Updated: Jun 2, 2022
I suppose it is safe to say that if you live in the United States and probably anywhere in most of the developed world you have heard about the tragedy in Uvalde, TX on May 24th*. It can fairly be described as evil of epic proportions. Many ask, how can God allow such evil to occur. The fact is God had nothing to do with what occurred in Uvalde on that horrific day.
Almost immediately after the shooting, the internet was flooded by memes with “Thoughts and Prayers” stricken out and “Policy and Change” written below. As many will agree, the striking of prayer is a significant part of the challenge we face today. The war against religion and prayer has deeply divided our population. The civility of yesteryear has been supplanted by hatred coupled with an “anything goes” mentality. Burning down a city block and looting stores is justified as part of some warped altruistic set of self-constructed rights, while the belief that perceived injustice paves the way for almost any response.
We may indeed need to address some policy changes in the months ahead, but I see it in poor taste to politicize the issue even before many of the families knew their children’s fate. We need a time to grieve and a time to heal.
The politicization amped up as investigators continued with the grim work facing them. As divisive rhetoric continued, we learned a great deal. We learned, as is almost always the case, that there were plenty of warning signs prior to the fateful day and a significant number of errors made during the excruciating siege. Missed opportunities in a world that is so cluttered with conflict that many prospects are stifled. I suspect the teacher who apparently propped open the door to the school had done so multiple times. I further suspect that many of her coworkers had done the same in the past. I suppose it’s fair to theorize that in a small sleepy town many felt the rules in place were overbearing.
I began to reflect on the number of times in my life that I had “propped open a door”. How about you? The teacher in question deserves our sympathy and prayers. I suspect that she is plagued by her action, and while it led to an epic tragedy, propping open a door should not result in 21 deaths.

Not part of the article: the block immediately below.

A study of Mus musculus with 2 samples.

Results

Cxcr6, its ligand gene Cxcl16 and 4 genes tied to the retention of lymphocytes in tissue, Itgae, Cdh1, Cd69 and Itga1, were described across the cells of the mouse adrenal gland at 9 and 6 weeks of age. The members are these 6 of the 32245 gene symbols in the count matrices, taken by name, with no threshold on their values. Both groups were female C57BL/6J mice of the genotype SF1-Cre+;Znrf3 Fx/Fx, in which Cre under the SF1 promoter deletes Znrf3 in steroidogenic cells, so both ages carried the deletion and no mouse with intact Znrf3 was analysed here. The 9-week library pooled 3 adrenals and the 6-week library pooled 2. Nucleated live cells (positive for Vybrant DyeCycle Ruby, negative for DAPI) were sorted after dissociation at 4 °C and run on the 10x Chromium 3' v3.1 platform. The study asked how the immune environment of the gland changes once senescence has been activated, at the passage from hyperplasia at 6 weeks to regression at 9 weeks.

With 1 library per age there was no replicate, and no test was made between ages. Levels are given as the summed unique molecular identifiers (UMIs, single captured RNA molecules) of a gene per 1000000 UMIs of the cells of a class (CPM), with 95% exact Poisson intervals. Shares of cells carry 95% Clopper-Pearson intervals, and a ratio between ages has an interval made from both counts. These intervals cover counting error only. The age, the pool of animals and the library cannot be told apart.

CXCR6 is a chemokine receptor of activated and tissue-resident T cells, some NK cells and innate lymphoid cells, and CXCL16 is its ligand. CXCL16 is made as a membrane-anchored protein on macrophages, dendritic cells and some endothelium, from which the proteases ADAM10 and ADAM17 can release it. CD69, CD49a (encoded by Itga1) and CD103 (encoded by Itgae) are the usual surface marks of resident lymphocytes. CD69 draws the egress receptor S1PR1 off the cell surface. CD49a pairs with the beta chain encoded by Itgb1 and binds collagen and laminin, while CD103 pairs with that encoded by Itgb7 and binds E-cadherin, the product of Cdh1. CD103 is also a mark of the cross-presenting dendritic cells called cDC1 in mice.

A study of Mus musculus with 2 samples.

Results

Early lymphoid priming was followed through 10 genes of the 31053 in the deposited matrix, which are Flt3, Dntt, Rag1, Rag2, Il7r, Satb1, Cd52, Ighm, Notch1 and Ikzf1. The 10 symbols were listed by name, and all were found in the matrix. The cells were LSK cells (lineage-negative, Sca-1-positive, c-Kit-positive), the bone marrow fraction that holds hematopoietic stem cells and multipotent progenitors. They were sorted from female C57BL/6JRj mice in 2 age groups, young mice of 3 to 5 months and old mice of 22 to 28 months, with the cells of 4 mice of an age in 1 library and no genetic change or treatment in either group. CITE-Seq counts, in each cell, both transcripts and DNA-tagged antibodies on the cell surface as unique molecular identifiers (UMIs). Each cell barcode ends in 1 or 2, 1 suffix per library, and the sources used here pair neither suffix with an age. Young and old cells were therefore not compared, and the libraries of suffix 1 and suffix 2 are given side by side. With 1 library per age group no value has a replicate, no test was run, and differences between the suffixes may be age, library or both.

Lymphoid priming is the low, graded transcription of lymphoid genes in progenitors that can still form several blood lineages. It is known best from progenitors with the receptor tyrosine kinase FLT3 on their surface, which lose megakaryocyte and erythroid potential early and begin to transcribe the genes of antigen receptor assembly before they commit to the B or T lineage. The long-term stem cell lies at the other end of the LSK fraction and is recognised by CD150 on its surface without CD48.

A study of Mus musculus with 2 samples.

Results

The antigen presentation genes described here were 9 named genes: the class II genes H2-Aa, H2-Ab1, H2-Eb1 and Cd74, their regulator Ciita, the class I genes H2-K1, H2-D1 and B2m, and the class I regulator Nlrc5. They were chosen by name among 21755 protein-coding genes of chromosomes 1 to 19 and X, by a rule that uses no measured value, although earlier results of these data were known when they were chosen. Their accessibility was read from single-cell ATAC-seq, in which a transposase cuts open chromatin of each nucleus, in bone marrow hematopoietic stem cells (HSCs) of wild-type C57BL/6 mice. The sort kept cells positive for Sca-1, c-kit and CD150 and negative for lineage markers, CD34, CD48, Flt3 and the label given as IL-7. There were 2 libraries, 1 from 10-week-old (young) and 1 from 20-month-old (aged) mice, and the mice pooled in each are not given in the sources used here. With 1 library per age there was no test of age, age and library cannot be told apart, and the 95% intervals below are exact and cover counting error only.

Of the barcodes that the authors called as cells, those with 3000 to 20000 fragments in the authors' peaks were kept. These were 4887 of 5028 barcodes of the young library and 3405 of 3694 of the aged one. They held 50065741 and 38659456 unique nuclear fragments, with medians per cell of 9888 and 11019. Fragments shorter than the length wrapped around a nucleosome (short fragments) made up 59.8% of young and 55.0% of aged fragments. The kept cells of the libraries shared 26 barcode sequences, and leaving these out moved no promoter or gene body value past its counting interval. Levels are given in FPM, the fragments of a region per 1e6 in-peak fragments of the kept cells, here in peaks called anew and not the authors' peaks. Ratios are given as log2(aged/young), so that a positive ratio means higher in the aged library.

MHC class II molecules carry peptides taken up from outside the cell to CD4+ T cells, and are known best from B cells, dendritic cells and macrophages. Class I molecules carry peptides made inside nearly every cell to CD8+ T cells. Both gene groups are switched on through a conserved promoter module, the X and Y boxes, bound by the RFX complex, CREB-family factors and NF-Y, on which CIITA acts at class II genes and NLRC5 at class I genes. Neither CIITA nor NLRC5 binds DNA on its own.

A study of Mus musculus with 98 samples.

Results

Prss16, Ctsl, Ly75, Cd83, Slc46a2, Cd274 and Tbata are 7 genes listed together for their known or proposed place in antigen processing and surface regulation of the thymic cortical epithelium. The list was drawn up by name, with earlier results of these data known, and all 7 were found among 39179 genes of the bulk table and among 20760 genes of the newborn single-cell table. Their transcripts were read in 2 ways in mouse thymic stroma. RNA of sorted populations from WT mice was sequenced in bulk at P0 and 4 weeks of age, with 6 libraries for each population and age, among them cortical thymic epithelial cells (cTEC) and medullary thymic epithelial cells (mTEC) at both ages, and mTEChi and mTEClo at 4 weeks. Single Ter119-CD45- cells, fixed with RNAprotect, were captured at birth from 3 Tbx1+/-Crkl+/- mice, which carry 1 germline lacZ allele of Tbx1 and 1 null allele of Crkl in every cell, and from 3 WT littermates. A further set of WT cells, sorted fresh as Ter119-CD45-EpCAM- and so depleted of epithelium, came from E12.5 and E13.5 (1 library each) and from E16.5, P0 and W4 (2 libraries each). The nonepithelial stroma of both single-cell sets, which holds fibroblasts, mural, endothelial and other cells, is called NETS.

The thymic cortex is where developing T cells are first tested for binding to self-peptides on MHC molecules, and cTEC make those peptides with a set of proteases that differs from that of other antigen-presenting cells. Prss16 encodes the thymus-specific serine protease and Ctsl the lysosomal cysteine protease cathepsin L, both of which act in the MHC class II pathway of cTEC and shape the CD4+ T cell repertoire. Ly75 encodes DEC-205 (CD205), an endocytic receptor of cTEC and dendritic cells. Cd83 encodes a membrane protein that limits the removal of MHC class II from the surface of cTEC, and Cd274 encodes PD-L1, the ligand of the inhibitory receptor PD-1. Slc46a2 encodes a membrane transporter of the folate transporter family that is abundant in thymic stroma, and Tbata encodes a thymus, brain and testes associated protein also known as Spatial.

This blog is not about gun control nor is it about politics. Rather, it is about what feels like a decay in our society. The element that feels the need to politicize just about everything. One part of society does not own this degradation, we all do. Each of us in our own way tends to amp up the rhetoric when it suits us, yet most seem to be blind to it when it does not.
Regularly, I reflect up on my youth and the meteoric changes in morality in what is a historical instant. I was born in a country that attended church and synagogues, revered the sanctity of life, and respected guns and their use. I attended a small rural high school where guns were welcome in our school and the parking lot was dotted with faculty and student pickup trucks mostly adorned with rifles or shotguns. An after-school hunt was a welcome respite from October through December in the United States of my youth.
In fact, we had a rifle team and rifles were regularly seen in the hallways. There was never a thought that a student, faculty, or other intruder would use a gun to harm others. Yes, there are documented instances of gun violence in schools tracing back to the 1700s, but they were not of this ilk. In my mind Columbine in 1999 marked the change in morality that has led to this scourge.
How did we get here? More importantly, how do we lift ourselves up from our circumstances? I have personally experienced many miracles, and most have been the result of prayer. Faith is more important today than ever and returning to a discipline of prayer is a vital element of a program to help expedite the change we seek. Prayer for our families, our friends, our leaders, and equally important prayer for those with whom we disagree. We need to start a conversation and that conversation might well start at the dinner table. We cannot bring back those 21 lives that were so heinously cut short, but we can honor their lives through returning to the faithful principles that made this country singular.
We have fallen far as a society. If we replace the vitriol and divisiveness of today with the faith and prayerfulness of yesterday, we can regain our status as the beacon of hope shining brightly around the world and beyond. To whom much is given much is expected is a paraphrase of a Biblical scripture. No society has been given more than the United States and the expectations are great. Regardless of your religious views the principles of morality and faithfulness will win the battles day in and day out and tragedies like what we experienced on May 24th will become extinct.
*The tragedy in Uvalde is a developing story, and facts continue to change/develop.